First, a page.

World first trial of Tasmanian devil vaccine begins in the wild

World first trial of Tasmanian devil vaccine begins in the wild
Professor Lynn Corcoran releases a vaccinated Tasmanian devil into the wild.

The fight to save the Tasmanian devil from a deadly cancer decimating their populations has been buoyed today by the first release of animals vaccinated against the disease.

Nineteen devils immunised against the Devil Facial Tumour Disease (DFTD) will be released today into Narawntapu National Park in northern Tasmania, an important step in the quest to save the Tasmanian devil from extinction.

It is the first time a vaccine against the deadly cancer threatening the species has been tested in the wild. The study was led by researchers from the Menzies Institute of Medical Research at the University of Tasmania, in collaboration with the Walter and Eliza Hall Institute and CSL Limited.

Previous laboratory trials of the vaccine, led by Menzies immunologist Professor Greg Woods and the devil research team, were able to successfully activate the devils' to fight the cancer cells.

Professor Woods said that, of the 19 devils to be released, 18 had produced an immune response in captivity. "This is an excellent outcome, but the real test will be determining whether the vaccine is effective in protecting devils in the wild, hence the release at Narawntapu," Professor Woods said.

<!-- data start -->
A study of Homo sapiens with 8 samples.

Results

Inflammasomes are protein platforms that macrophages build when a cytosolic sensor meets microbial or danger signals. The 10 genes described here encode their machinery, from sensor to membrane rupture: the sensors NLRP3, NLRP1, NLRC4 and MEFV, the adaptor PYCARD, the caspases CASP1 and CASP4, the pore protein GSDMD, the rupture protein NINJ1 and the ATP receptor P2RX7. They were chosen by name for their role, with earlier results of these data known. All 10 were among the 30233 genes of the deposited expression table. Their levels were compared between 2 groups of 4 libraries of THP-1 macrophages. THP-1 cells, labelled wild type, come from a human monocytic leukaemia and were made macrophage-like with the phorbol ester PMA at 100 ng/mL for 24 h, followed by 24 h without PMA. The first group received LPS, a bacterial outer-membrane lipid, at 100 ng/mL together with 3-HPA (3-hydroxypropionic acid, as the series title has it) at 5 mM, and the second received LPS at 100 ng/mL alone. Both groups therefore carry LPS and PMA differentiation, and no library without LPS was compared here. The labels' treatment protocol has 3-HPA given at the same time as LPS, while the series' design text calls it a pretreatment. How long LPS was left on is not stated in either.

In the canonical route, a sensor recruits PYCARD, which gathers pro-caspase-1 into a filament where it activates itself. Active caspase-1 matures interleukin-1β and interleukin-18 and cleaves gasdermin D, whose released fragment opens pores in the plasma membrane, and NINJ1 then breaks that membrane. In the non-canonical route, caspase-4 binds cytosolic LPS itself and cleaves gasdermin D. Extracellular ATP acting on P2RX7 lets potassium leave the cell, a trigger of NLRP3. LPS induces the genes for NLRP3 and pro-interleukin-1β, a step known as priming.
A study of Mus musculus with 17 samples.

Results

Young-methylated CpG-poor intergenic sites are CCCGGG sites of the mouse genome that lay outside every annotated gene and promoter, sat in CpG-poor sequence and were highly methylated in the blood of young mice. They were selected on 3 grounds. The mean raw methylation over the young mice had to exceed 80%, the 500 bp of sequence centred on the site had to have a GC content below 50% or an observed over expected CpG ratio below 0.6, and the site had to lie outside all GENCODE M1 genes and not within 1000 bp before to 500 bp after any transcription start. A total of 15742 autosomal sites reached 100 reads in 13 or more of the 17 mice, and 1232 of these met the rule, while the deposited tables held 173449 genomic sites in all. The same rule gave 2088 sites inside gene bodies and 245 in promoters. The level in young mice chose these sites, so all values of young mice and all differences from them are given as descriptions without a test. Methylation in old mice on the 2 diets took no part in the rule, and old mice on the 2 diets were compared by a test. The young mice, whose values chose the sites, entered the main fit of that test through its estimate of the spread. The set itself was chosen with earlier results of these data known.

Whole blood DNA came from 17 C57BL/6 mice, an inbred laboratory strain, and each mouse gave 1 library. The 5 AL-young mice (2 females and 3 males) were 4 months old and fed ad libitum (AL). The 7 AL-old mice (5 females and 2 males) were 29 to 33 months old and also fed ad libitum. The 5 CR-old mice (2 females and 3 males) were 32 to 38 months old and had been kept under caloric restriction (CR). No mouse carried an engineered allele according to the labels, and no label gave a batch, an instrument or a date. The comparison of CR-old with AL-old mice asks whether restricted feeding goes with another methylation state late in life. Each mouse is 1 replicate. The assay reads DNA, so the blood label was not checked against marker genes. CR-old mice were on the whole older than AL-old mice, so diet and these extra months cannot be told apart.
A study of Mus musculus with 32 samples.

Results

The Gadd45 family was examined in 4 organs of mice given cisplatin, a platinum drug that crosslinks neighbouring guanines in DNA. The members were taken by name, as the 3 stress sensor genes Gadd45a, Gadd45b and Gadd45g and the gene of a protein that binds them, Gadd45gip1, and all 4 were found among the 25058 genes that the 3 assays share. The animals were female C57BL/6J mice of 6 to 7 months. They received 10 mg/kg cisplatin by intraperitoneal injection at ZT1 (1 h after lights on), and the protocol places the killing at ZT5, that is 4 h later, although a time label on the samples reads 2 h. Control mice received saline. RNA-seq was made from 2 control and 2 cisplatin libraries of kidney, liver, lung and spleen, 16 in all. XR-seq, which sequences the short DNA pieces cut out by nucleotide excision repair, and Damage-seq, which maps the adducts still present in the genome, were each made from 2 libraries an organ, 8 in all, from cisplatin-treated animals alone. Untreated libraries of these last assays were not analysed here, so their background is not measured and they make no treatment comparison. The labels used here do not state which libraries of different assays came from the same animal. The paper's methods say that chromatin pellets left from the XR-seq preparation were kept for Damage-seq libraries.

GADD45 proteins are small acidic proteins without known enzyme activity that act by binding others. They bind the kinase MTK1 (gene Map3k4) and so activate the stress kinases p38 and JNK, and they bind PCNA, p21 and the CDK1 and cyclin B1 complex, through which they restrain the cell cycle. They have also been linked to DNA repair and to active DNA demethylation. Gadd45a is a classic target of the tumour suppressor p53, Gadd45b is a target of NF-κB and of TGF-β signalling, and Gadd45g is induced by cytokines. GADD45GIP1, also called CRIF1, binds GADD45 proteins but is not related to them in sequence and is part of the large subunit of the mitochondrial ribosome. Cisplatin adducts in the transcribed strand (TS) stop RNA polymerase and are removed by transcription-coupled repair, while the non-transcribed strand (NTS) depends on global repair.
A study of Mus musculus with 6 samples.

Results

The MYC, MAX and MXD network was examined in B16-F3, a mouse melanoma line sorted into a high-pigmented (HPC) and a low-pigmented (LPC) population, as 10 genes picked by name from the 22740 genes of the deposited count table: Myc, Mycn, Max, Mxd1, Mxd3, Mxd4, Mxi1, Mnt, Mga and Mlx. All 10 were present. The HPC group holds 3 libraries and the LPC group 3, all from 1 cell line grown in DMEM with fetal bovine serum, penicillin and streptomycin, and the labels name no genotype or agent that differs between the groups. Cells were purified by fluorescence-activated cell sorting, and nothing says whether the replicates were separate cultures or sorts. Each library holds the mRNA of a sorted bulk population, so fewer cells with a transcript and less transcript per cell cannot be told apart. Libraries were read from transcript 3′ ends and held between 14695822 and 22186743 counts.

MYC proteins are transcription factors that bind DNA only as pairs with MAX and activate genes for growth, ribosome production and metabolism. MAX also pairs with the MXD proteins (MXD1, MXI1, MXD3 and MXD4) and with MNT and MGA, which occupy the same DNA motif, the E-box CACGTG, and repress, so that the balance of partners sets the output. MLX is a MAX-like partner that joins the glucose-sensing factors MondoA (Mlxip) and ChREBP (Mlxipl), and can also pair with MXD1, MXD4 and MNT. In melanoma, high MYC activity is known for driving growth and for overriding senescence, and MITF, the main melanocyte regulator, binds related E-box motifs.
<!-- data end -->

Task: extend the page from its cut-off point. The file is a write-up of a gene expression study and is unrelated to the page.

Walter and Eliza Hall Institute researchers Professor Lynn Corcoran and Dr James Murphy contributed their immune and protein knowledge to the project.

Professor Corcoran said previous work with the Menzies research team showed that the tumour cells thrived by hiding from the immune system.

"The tumours are able to effectively 'fly under the radar' and evade immune detection," Professor Corcoran said. "We developed tools to measure antibody responses and produced natural devil proteins that stimulate tumour cells to 'reveal' themselves to the immune system."

Dr Murphy said he was excited to be involved in this first trial against an otherwise universally fatal disease. "We hope that this vaccination strategy will allow the devil's immune system to work as it should, and destroy before they can cause disease," he said.

The 19 devils will be monitored after their release and regular blood samples collected to confirm that the immune response is still active. If not, the devils may require a booster.

Menzies is working in partnership with the Save The Tasmanian Devil program, as well as national and international scientific collaborators, to help achieve the Tasmanian devil's long-term survival in the wild.

Menzies and the University's School of Medicine have developed the immunisation technique in association with Dr Martin Pearse, Dr Adriana Baz Morelli and Ms Anabel Silva from CSL Limited. Adjuvant (substances to promote vaccine efficacy), vaccine expertise and financial support has been provided by CSL Limited as part of efforts to support the research community in Australia.

Professor Woods said the support of the Australian Research Council and the Save the Tasmanian Devil Appeal was critical for their ongoing work.

"Public donations and corporate support received by the devil appeal reached an all-time high in 2014, with over half a million dollars raised, allowing the appeal to fund some of the outstanding success we have witnessed in the past few years," he said.